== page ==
American Cement Building Lofts | Los Angeles Conservancy
Photo by Larry Underhill

American Cement Building Lofts

The American Cement Company's building on Wilshire Boulevard was built not just to house its headquarters, but to showcase the strength, construction advantages, and architectural possibilities of concrete.

A better showcase for the humble material cannot be found, as this building is both a triumph of structural engineering and a monumental piece of sculptural art. American Cement hired architectural firm Daniel, Mann, Johnson and Mendenhall (DMJM) to realize its lofty vision, and the architects delivered with a thirteen-story reinforced concrete building capped by a zigzag roof.

It was completed in 1961. The office’s most striking feature is the enormous latticework of 450 precast concrete “X”s covering its north and south façades like an exoskeleton. While sculptural in nature and visually striking,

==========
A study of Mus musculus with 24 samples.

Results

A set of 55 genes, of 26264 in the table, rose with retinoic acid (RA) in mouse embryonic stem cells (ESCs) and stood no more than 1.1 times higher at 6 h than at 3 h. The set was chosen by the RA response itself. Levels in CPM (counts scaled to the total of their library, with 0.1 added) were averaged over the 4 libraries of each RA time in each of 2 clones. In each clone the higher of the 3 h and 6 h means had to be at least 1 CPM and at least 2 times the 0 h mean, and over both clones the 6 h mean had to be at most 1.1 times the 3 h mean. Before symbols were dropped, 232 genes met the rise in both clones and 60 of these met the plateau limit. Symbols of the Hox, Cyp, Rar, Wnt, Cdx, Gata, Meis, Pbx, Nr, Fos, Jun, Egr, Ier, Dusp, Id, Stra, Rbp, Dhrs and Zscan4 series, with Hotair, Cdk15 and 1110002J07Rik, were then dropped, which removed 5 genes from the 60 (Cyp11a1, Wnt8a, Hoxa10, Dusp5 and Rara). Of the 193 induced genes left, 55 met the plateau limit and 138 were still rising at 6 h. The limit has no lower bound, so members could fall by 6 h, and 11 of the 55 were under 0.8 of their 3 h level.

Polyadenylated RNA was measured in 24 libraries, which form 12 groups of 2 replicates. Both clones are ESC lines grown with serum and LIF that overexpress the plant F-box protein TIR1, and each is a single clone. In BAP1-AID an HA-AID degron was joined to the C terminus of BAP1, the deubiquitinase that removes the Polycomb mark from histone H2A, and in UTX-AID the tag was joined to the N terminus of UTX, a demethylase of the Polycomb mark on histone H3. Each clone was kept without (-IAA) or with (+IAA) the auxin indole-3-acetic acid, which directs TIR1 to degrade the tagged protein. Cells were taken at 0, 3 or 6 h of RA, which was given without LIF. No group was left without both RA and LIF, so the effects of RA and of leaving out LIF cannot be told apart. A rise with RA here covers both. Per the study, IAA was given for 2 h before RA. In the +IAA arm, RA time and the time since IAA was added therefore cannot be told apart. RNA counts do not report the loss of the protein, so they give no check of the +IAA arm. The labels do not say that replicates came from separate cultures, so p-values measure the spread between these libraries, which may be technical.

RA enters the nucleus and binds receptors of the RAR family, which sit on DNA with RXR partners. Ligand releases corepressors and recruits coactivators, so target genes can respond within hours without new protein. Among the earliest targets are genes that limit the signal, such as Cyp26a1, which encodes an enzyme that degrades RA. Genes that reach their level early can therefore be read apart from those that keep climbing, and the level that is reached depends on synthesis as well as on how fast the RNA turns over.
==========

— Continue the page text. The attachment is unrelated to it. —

the primary purpose of the latticework is to provide external support for the structural system so the building’s interior can be free of columns.

The resulting interior features high ceilings and large, open floors with expansive views across the city (through a dramatic series of “X”s, of course). In 2002, the American Cement building was rehabilitated into seventy-one live/work lofts. Its exterior remains unaltered, an enduring testament to the power and, dare we say it, the beauty of concrete.

The Tower
Photo courtesy Architectural Resources Group

The Tower

Completed in 1988, the 23-story The Tower squeezes between the other high-rises around it and distinguishes itself with blue-green mullions, dark gray glass windows, and flared upper decorative elements.
Photo courtesy Architectural Resources Group

Trousdale Estates

This A-list enclave in Beverly Hills was designed by top architects for the Hollywood elite.
Photo courtesy Architectural Resources Group

Northrop Grumman

Developed primarily between 1960 and 1967, "Space Park," as it was known, is an excellent example of the suburban corporate campus that grew popular after World War II.